T&P’s on-the-up Hornby sinks Cannes, are Carter and Jones in the frame for WPP?

Those tectonic plates in adland are indeed shifting and conclusive evidence is that The&Partnership’s Johnny Hornby won’t be partying at Cannes on a yacht this year. Many of those who’ve enjoyed JH’s hospitality in the past are still mopping their fevered brows. Rosé-fuelled fun and games are of the agenda in a #MeToo year.

This alarming intelligence emerges from an interview in Campaign, in which Hornby (below) also discloses (rather less important this but we’ll mention it anyway) that T&P’s billings rose to £450m last year (thanks largely to the massive Toyota Europe account) with gross profit of £74.6m and Ebitda profit (profit after all the annoying bits) of £11.8m.

This surge Hornby ascribes to T&P’s “new model,” which is actually an old model: creative and media working mostly together. The new bits are our frenemy data and also T&P’s drive to deploy about half the staff of any account in or adjacent to the client’s offices. This was pioneered by production agencies Tag and Oliver but has been enthusiastically adopted by T&P and is now being copied by others including WPP’s giant digital agency Wunderman.

So it’s all go at The&Partnership and good luck to them. Does this have any bearing on WPP’s musings about who should succeed CEO Sir Martin Sorrell and when exactly?

WPP is a 49.9 per cent shareholder in T&P (originally Clemmow Hornby Inge & Partners), a connection that has benefited T&P mightily as it gives its media arm m/SIX (then, presumably, the sixth GroupM company) access to the WPP media behemoth’s deals and prices. Hornby and Sorrell don’t see eye to eye all the time – Hornby isn’t averse to tweaking SMS’s tail on occasions – but the deal has worked for both parties. Could Hornby’s new model and, indeed, Hornby be the way forward for WPP?

WPP is certain to try to rejig the relationship between its creative and media agencies but the reason it has lots of profit and loss lines across the empire is that they make it a lot of profit. So any fundamental structural change might be painful in the short term. Many of its top execs are from media – notably the recently anointed chief transformation officer Lindsay Pattison (from the now defunct Maxus) and UK country manager Karen Blackett, from MediaCom. They aren’t going to take kindly to being ushered back to the back of the building.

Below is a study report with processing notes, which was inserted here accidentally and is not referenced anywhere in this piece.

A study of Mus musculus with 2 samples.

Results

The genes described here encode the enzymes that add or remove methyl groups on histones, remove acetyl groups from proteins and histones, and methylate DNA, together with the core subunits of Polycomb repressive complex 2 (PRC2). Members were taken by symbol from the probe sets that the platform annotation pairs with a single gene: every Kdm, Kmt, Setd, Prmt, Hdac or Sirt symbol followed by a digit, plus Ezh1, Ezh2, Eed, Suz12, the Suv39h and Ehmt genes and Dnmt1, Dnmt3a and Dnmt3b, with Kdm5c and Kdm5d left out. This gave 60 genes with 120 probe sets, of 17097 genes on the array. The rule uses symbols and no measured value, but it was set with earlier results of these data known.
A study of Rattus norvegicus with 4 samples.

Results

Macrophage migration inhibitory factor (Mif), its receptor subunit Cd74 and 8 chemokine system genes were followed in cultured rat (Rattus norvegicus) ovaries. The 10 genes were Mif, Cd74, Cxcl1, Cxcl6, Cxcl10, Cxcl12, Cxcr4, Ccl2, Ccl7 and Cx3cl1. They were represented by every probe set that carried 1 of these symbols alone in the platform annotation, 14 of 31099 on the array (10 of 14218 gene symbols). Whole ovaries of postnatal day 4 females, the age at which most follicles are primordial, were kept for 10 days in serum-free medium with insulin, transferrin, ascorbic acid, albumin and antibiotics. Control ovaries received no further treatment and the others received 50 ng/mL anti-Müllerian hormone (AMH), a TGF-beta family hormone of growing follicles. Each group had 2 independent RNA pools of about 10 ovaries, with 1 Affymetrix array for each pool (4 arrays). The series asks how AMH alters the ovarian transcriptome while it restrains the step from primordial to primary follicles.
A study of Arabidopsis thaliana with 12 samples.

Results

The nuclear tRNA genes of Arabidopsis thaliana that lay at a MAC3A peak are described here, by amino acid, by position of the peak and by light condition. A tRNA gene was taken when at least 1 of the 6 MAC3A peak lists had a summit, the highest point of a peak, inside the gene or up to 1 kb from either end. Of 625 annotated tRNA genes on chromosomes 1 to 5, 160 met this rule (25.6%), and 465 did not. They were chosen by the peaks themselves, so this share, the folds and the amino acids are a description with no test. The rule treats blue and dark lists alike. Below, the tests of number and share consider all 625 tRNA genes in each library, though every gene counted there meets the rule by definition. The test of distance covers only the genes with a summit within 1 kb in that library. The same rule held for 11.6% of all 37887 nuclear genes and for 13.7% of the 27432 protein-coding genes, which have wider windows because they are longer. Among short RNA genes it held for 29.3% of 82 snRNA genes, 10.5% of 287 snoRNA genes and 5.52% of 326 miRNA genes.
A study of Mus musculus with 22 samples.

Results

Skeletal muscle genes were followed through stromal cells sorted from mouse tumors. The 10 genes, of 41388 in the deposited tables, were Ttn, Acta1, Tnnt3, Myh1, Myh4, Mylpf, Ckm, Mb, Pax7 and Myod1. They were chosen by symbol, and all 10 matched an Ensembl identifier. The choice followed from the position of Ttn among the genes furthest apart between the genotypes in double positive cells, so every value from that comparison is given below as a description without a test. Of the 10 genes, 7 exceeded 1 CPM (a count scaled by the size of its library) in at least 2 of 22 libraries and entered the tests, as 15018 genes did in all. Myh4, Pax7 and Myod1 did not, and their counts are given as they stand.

As for Hornby we speculated yesterday that he would make a good (albeit somewhat lively) team with former Tag boss and old mucker Steve Parish. “You can’t mean that” a few people said to me yesterday but it got them talking. Well why not?

Other outsiders are also emerging. Lord Carter (below), Stephen Carter as was, now boss of publishing and meetings giant Informa, keeps popping up. Carter gained his lordship after working for PM Gordon Brown but his background is advertising and media: initially at JWT then cable firm NTL and industry regulator Ofcom.

Another is David Jones, once CEO of Havas in its days as a listed agency group, and now founder and boss of You & Mr Jones, a tech-based marcoms group. Jones, like Hornby and Sorrell, has a well-stuffed black book of contacts and is an accomplished public performer.

But would they want it? Carter’s Informa is currently trying to take over smaller rival UBM in a £3.8bn deal which would make it the biggest such company in the world. Jones’ You and Mr Jones, which recently bought a majority in London agency Gravity Road, seems to on an upward curve although it’s hard to tell form the outside.

In Hornby’s case it’s pretty certain that he would find the challenge of running WPP irresistible although he’s not saying anything in public.

But back to more important matters. Was wondering whether to pop over to Cannes (our top team will be there of course). But can’t face the prospect of a yacht line-up sans Hornby, consisting almost solely of ad tech companies. Think he’s just holed the Festival below the waterline.


Stephen is a former editor of Marketing Week and London Evening Standard advertising columnist. He wrote City Republic for Brand Republic and is a partner in communications consultancy The Editorial Partnership.